They are not quite the 1969 Miracle Mets, but there does seem to be a touch of divine intervention with this season’s team. Two weeks ago, the Mets appeared to be imploding. Two of their signature players, second baseman Javier Baez and shortstop Francisco Lindor, were excoriated by fans and media for directing a thumbs down gesture at the home crowd after getting impactful hits.
“[It’s] to let [fans] know when we don’t have success we are going to get booed, so they are going to get booed when we have success,” said Baez. His explanation was given during a postgame press conference on Aug. 29 after the Mets’ 9-4 win over the Washington Nationals at Citi Field. At the time the Mets were 64-67, in the span of seven loses in 11 games, and bearing no characteristics of a playoff contender.
Then, acting general manager Zack Scott was placed on administrative leave subsequent to his arrest for drunk driving in the early morning hours of Aug. 31. Earlier in the evening, the 44-year-old Scott had attended a team charity fundraiser in Connecticut held at the house of Mets owner Steve Cohen. From the executive offices to the field, the immediate situation for the organization looked bleak.
Yet, while deep into their tribulations, when the Mets faced the Miami Marlins on the road last night in the second game of a three-game set, they had risen from seemingly dire circumstances to win eight of their last 10 games dating back to Aug. 28. Their 9-4 victory over the Marlins on Tuesday put them at 70-69, four games behind the 73-64 Atlanta Braves, who were in first place in the National League East, and one and a half games below the 71-67 second place Philadelphia Phillies.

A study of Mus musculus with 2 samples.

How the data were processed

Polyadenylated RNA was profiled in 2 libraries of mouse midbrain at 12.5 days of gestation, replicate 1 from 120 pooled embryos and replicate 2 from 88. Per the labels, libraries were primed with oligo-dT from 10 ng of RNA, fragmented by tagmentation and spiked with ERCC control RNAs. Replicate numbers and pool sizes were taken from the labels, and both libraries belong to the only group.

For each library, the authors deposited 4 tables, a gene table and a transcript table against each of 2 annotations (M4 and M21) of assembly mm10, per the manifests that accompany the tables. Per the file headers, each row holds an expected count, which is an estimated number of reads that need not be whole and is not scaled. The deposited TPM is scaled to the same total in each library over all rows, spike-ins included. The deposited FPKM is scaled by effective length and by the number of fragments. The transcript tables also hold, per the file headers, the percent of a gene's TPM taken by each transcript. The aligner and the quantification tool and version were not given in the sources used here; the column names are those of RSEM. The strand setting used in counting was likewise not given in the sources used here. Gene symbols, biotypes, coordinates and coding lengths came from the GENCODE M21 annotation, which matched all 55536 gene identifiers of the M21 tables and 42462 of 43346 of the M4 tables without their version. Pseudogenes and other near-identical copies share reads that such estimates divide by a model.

With the Mets’ bats lagging for most of this season, which was at the core of the fans’ frustration, the team had scored an average of seven robust runs per game in their previous seven outings going into last night. The Mets’ one reliable source of production has been first baseman Pete Alonso, who had 32 homers and 84 RBI after blasting two homers—including a two-run shot in the first inning, the 100th of his young three-year career—and plating three RBIs on Tuesday.
The 26-year-old Alonso reached 100 home runs in just 347 games, the second fewest in baseball history. Former Phillies first baseman Ryan Clark took only 325 to do it. “I want to say thank you to everybody in my life who’s had a positive impact on me,” said Alonso, nicknamed “Polar Bear.” “It’s awesome. So hopefully get to two-, three-, four-, five-, six-hundred more.” In 2019 Alonso broke Major League Baseball’s rookie record for homers with 53.
He and the Mets entered last night’s game three and a half out of the second NL wildcard spot. The top position undoubtedly will be secured by either the Los Angeles Dodgers or San Francisco Giants. The Dodgers were 88-51, and had a commanding 14.5 game lead over the 73-65 San Diego Padres and 74-66 Cincinnati Reds, who were tied for the second wildcard berth.
The longtime rivals Dodgers and Giants were in another epic race for the NL West division title. The 89-50 Giants had a one game advantage over the Dodgers when yesterday’s games began. Once the Mets conclude their series against the Marlins tonight, they will start a nine game homestand beginning with the Yankees tomorrow for three games, and the St. Louis Cardinals and Phillies for three each.